Who am I really? Ask the Third Country Kids

Cheryl Heng
Educationalists engaged in talks and panel discussions that attracted more than 500 teachers and parents at the Wellington College's Festival of Education.
Cheryl Heng

If you have spent your formative years living in a culture different to that of your parents, you are considered a “third culture kid” or TCK. Coined by US sociologist Ruth Hill Useem in the 1950s, the term resurfaced at this year’s Festival of Education.

Wellington College International Hangzhou hosted the Festival of Education on April 14-15. Educationalists from the UK, China and the rest of the world engaged in talks and panel discussions that attracted more than 500 teachers and parents.

Globalization and a transient expat culture have made TCKs more common. One of the speakers, Patricia Zayan, shared her experience growing up as a TCK.

“I am a TCK. My father is French, and my mom is Dutch,” she told a forum on TCKs. “But that’s what I tell people, because it is easy to tell people. Usually, I will follow that with ‘Do you have time for coffee? And I’ll tell you where I am really from’.”

Most TCKs are children of expatriate workers or come from transnational marriages. Moving frequently in their childhood years is common for them. Zayan grew up in Kenya, Indonesia, Switzerland, France, Cuba, China and the Netherlands.

Identity crisis can be a key challenge. TCKs feel pressured to give an answer when asked a question like “Where are you from?” which seems simple for most kids.

“Reverse culture shock” can also be common for TCKs when they return to a country they stayed for a period of time, educationalists said.

Who am I really? Ask the Third Country Kids

Educationalists from around the world engage in talks and panel discussions at the Festival of Education hosted by Wellington College International Hangzhou.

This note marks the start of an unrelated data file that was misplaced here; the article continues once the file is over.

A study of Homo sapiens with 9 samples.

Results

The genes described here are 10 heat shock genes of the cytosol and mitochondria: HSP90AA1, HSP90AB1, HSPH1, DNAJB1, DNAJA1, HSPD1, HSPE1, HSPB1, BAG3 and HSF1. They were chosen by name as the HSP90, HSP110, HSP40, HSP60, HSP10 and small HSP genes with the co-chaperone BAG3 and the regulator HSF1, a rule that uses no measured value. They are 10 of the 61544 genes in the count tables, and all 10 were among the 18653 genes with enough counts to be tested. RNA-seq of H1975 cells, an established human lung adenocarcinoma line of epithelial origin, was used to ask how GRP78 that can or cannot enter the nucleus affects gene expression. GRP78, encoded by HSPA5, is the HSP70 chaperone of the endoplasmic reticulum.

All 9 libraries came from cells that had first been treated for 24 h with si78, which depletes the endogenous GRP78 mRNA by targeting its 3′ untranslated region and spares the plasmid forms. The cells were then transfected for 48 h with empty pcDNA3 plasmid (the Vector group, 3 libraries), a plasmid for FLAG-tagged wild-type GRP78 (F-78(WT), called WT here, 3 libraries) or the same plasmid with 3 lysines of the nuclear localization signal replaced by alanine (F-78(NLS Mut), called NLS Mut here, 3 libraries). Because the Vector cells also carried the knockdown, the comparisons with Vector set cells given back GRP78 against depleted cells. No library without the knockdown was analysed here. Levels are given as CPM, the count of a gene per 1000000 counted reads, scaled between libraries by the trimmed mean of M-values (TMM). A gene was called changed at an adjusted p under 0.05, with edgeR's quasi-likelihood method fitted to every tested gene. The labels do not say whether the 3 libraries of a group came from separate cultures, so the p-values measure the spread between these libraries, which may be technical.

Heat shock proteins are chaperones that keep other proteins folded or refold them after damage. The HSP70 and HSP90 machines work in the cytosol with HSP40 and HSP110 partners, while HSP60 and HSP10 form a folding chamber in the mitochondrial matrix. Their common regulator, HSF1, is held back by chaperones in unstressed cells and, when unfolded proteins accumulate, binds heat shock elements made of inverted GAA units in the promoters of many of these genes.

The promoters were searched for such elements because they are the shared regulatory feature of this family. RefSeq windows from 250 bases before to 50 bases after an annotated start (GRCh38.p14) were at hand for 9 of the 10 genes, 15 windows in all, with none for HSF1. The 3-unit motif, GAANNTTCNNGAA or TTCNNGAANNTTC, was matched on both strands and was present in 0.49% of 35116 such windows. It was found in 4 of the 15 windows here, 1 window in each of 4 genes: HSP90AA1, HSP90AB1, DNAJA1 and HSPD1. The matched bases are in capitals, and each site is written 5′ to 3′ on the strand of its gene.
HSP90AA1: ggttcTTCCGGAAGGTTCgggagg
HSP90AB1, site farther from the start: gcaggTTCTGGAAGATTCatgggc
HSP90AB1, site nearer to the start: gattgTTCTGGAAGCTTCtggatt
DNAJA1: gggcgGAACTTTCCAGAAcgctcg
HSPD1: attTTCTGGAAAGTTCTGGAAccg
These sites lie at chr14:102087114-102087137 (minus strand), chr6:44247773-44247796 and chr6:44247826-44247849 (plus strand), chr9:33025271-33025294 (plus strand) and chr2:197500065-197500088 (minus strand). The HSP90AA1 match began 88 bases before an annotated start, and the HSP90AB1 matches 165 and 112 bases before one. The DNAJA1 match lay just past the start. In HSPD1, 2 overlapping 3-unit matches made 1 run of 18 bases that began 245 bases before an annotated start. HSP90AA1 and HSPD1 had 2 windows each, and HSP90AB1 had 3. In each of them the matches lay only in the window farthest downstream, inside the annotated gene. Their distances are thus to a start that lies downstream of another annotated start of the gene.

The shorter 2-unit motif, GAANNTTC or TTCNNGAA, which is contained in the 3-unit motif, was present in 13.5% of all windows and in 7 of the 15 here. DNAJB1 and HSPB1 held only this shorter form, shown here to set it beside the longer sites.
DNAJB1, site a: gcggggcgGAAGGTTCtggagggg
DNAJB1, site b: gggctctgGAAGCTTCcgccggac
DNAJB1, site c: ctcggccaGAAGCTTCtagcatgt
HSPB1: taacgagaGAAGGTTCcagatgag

“The hardest part of my life was having to go back to the country that I thought was my home and realizing that I was not from there. That I was not from Indonesia, I did not look Indonesian. That I was not from Kenya, I did not look Kenyan. But I was also not French,” said Zayan.

Parents and schools can help TCKs grapple with identity by encouraging discussion and listening. For Zayan, she wished she knew at a younger age that it was not necessary to make a choice at all, between French or Dutch.

“For international schools, helping children cope with transition should be a key responsibility,” said Piers Matthews, director of admissions and marketing of Wellington College Hangzhou.

“Whether they are transitioning into a new culture, experiencing their friends leaving, or they themselves are preparing to transition out of the school as their family moves on to the next adventure, TCKs face regular disruption to their lives and require special support. It is important for international schools to recognize that and provide support where needed.”

Despite being constantly in transition, most TCKs also benefit from their childhood experiences. Research by American sociologist Useem has shown that TCKs are culturally more aware, adaptable and are likely to speak more than one language. They also tend to do better academically, with higher occupational achievement.

“Different parts of my personalities match the different languages that I speak,” said Zayan.

“When I am really angry, I shout in French. It is the most delicious language to get angry in. When I talk to a baby or a puppy, I go to Dutch. Because my mum is Dutch, and I guess it’s my motherly side that comes out. When I want to theorize about complex things, I want to do that in English only because I studied in English. So, languages are part of my personality and they mix and match.”

Who am I really? Ask the Third Country Kids

Patricia Zayan (second from left) shares her experience growing up as a TCK.

Zayan attended both Wellington College International Tianjin and Wellington College International Shanghai during her time in China, and attended the Festival of Education as a speaker.

The faestival served as a platform for debate on emerging themes in education and how the educational landscape can evolve in a rapidly changing world.

Other topics included multilingualism, wellbeing and early years.

To learn more about Wellington College International Hangzhou, please visit the website https://www.wellingtoncollege.cn/hangzhou-international/.

If you would like to join the Wellington community, whether you are planning on moving to Hangzhou or you are already based in Hangzhou, you can arrange an on-site visit by clicking the link https://wcchi.openapply.cn/roi, and the admissions team is on stand-by to host you for a personalized campus tour and to help you discover what makes Wellington special.